PostPosted: Fri Jan 04, 2008 5:10 am 

The Bard’s Tale for Xbox and PS2 is a new title in a very old gaming franchise. Before talking about the game directly, let me tell you a brief bit about the history of its genre.

Once upon a time (80’s, 90’s), you could’ve roughly split up computer and console role-playing games (RPGs) into two groups: Japanese RPGS and American RPGS. Japanese RPGs tended to focus strongly on a plot. The game mechanics were just a mechanism to move the story forth. Character advancement was not nearly as important as story advancement. Ask anyone who has ever played any Final Fantasy or Dragon Warrior game and you will find this is true. Enjoyment of the tale the game presented was the main goal of Japanese RPGs.

American RPGs on the other hand tended to be very open adventures with a very heavy emphasis on exploration, character development, and game statistics in general. The ‘story’ of these games worked more like a general game playing guideline than a strong dramatic plot. The stories presented would give you a rough idea of what needed to be done next, but would rarely push you into doing anything in particular until you really felt like unlocking some new area or getting some special item. Players would often run around the game world trying to build up their character statistics as high as possible. The emphasis of these games was enjoying the gameplay, not the story. Two series that were the hallmark of this type of game were Wizardry, and The Bard’s Tale.

This trend has even continued into the new century. Just compare Morrowind to Final Fantasy X: an open book versus a staged Soap Opera. Both titles are good games, just very different.

The original Bard’s Tale was a classic example of one these open, statistic driven American games. You created a party of characters using Dungeons and Dragons like statistics. Then you would run around a pseudo 3D dungeon, kill monsters, and collect treasure. After that, you would return to the inn to gain levels, heal your party members, and then repeat the whole process over again.

This new Bard’s Tale eschews that type of design completely, opting for instead a Diablo type action RPG style of control and play. The menu based combat of old is replaced with good ol’ hack and slash button mashing fun. You control a singular character from an overhead view, while partaking in multiple story and non-story related quests.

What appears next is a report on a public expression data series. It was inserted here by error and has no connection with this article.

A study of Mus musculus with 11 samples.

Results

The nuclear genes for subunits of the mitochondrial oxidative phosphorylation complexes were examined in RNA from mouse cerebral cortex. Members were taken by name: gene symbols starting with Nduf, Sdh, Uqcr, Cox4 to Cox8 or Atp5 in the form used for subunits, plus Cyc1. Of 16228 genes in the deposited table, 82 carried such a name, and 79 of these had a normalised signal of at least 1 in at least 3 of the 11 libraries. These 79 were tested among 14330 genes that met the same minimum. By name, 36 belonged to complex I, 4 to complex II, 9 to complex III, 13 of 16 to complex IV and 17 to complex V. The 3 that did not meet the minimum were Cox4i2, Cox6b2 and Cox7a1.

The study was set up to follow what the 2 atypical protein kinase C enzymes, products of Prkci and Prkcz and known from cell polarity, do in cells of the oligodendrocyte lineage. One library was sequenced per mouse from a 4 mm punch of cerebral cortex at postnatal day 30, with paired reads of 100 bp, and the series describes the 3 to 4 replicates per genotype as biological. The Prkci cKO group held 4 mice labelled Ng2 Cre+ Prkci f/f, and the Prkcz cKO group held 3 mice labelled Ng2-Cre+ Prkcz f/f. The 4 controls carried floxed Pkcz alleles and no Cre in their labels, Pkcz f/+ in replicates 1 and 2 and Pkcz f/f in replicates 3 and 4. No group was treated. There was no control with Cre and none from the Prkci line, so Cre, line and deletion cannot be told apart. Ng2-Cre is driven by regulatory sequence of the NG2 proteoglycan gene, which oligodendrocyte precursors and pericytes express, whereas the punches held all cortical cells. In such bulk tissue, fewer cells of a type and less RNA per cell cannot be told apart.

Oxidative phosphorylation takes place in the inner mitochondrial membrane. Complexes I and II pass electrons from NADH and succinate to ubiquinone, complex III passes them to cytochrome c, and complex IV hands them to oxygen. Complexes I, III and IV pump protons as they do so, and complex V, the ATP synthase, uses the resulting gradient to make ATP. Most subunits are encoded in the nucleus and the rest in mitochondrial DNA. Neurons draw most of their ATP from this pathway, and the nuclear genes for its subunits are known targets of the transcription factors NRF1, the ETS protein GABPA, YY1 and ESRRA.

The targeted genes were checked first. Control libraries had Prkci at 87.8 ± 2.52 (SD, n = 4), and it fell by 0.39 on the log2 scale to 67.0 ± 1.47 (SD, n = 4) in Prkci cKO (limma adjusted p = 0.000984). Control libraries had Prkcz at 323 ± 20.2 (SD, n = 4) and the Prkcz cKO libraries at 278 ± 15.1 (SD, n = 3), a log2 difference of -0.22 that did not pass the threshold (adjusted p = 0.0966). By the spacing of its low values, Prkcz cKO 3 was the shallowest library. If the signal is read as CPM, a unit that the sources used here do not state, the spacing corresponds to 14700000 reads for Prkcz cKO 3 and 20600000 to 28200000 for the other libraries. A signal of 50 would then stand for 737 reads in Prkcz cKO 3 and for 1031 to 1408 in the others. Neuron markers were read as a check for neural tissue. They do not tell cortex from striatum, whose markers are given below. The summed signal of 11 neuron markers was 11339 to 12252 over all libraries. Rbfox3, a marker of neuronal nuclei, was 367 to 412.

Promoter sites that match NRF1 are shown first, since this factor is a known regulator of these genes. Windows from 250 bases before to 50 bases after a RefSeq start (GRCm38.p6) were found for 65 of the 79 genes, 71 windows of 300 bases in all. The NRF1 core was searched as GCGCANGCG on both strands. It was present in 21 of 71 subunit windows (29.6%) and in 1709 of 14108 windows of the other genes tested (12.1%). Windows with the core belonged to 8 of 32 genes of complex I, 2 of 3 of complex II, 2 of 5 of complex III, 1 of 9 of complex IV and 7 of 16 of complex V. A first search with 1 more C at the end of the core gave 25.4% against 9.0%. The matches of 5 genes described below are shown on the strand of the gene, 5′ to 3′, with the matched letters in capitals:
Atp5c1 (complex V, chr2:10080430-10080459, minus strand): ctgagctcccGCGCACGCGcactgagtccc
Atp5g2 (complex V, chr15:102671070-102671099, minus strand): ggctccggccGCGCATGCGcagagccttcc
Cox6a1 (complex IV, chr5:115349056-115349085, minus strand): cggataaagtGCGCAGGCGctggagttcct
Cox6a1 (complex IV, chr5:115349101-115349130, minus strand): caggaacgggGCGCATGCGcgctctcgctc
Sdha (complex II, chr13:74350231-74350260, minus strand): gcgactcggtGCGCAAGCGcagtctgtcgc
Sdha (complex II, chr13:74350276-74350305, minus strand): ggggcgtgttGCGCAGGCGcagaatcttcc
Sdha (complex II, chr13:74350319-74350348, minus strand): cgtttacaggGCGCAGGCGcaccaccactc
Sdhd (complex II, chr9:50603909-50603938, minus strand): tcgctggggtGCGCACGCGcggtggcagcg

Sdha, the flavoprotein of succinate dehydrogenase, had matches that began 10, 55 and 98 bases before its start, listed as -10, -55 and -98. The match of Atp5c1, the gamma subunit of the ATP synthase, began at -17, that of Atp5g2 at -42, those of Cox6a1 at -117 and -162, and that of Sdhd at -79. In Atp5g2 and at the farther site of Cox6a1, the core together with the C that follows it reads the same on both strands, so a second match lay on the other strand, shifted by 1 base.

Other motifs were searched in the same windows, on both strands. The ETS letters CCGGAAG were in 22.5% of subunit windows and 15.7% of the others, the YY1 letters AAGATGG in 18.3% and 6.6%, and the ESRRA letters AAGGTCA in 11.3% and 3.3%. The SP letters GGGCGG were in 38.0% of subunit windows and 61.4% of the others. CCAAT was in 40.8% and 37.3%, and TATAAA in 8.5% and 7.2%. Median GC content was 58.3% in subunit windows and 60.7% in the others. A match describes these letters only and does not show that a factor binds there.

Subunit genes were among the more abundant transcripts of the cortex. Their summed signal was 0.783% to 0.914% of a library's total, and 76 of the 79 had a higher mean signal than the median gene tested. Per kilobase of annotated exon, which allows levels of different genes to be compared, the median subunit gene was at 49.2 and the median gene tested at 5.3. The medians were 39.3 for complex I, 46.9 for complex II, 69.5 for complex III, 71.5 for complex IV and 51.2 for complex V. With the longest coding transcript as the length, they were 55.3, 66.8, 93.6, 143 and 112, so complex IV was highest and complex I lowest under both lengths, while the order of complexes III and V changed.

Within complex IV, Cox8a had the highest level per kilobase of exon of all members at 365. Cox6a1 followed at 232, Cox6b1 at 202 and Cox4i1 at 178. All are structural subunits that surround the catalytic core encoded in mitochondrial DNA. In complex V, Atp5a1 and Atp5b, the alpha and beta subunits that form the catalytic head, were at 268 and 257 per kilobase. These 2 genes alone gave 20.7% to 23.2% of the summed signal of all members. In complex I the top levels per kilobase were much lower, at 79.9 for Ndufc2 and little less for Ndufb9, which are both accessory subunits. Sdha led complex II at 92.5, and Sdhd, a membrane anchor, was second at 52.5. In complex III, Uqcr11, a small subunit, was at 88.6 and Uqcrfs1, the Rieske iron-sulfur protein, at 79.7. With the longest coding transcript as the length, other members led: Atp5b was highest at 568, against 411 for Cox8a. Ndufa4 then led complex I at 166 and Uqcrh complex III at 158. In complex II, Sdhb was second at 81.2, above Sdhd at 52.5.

Another difference with this Bard’s Tale is that it is a humorous game. Unlike the previous titles which had somewhat serious stories to follow, this game is a laugh all the way through. It parodies other games in the genre, picks on common elements such as killing rats, opening random treasure chests, chosen ones, and has a very witty script to back it up with. I found the Bard’s dialog to be a constant source of amusement. The character you control and the games narrator often banter with each other, usually to humorous effect. This humorous script writing even shows up when you engage other characters in dialog. You are often give at least two response choices, a nice response, and a ‘snarky’ response. You quickly find out being nice doesn’t help you get what you want.

And, in another departure from traditional RPGs, the character you control isn’t your typical hero. No wide eye farm boys, elven princesses, or honor seeking knights here. He’s a roguish bard who takes advantage of people whenever he can. He is very fond of beer and the ladies, and doesn’t have any loftier goals than finding a warm bed to crash in at night, preferably accompanied with a barmaid. This is an attitude that never changes in the game, fortunately.

The basic story is that your character of the Bard gets drafted into being ‘The Chosen One’, and ends up trying to rescue to a trapped princess. You quickly find many other ‘Chosen Ones’ who have met a sad fate, and also discover that all is not as it seems…

The controls are fairly simple. You use the primary buttons to attack, block, jump, and activate things with. The left and right trigger buttons activate your summoning spells. Summoning can get a little tricky in the heat of battle so you generally want to do that in advance. Over all I found that the controls worked pretty well.

I was happy with the graphics. Nothing overly special, but nothing shoddy either.

Other than the script writing and humor, the other place this game shines is the sound effects and music department. The sounds always seem to be on cue, and I loved all the amusing sing-a-long songs they had in the game.

Overall, I really enjoyed this game and highly recommend.

One would never think that such drunken lout would make such a great chosen one.